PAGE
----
Microsoft Rolls Out Premium Version of

Microsoft has quietly released a premium, ad-free version of its e-mail service, testing consumers' appetite to pay for personal e-mail services that they've used at no cost for decades.

Microsoft released Premium last year, first to invitation-only pilots and then as a public preview in October, as documented by ZDNet's Mary Jo Foley. Microsoft recently removed the "preview" designation from the service, though the company didn't say when, according to a Feb. 14 update. A few weeks earlier, Microsoft had told Foley that the migration of the 400 million mailboxes to the Office 365 infrastructure, which is powered by Microsoft Exchange, was 99.9 percent complete.

The new Premium service costs $49.99 per year, but is available at a promotional rate of $19.95 until March 31.

All of the major e-mail providers, including Google, Yahoo and Microsoft, have long offered premium ad-free e-mail services and other perks. What could give the new Premium service added appeal is the ability to use existing personal e-mail addresses in an account. Furthermore, a user can allow four additional people to use the domain name of the e-mail address, allowing them to also share calendars, contacts and files. The service also lets customers either create any domain that's available or tie to one they already have.

Customers who sign up for the promotional $19.95 rate will get use of the personal domain for free for the first year. While they can renew for the same price, each personal domain costs an additional $10 per year. The personal domain automatically synchronizes mailboxes along with, and accounts into one mailbox.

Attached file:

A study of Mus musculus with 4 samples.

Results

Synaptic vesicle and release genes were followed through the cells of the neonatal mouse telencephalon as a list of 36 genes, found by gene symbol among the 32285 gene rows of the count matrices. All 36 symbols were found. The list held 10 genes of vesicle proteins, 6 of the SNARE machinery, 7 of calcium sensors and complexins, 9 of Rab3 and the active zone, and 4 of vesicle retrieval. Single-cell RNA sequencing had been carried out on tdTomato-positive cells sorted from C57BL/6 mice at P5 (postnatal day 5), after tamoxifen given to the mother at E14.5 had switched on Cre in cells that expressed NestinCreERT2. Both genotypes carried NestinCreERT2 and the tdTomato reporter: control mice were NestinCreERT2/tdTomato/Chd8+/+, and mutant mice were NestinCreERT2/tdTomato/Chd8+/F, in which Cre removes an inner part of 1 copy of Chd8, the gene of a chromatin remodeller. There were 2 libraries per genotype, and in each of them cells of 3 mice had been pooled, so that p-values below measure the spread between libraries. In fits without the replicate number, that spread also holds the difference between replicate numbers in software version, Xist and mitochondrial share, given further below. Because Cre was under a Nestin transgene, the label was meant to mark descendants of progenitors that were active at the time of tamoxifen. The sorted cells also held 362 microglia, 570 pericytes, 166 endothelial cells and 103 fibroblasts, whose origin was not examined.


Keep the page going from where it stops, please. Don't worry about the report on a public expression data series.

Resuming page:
Personal e-mail domains require an Premium subscription, according to Microsoft's FAQ about the Premium service, which implies that cancelling the latter means you must give up your domain name. You can create up to 10 aliases per Microsoft account and are permitted to change them up to 10 times per calendar year. Premium users can use the same password to sign into an account with any alias tied to that Microsoft account, according to the FAQ. The company describes how to add or remove aliases in Premium here. If you bring your own domain, the registration process requires that you verify ownership and update its mail (MX) records by following instructions on the "bring your own domain" setting.

Users who don't want e-mails from their different accounts to appear in the same inbox can create rules to automatically move messages from a specific account to different e-mail folders. Premium also allows users to send and receive e-mails from AIM Mail, Gmail and Yahoo Mail addresses, with Premium serving as the primary inbox for those other accounts. Similar to Microsoft's free e-mail services, attachment size limits are 10MB, or 300GB when linked via OneDrive. Premium, according to the FAQ, does not "currently" support e-mail auto-forwarding, e-mail groups, DomainKeys Identified Mail (DKIM) or Domain-based Message Authentication, Reporting and Conformance (DMARC). Perhaps the use of "currently" suggests those features may appear in the future. For now, Premium is only available to customers in the United States.

About the Author

Jeffrey Schwartz is editor of Redmond magazine and also covers cloud computing for Virtualization Review's Cloud Report. In addition, he writes the Channeling the Cloud column for Redmond Channel Partner. Follow him on Twitter @JeffreySchwartz.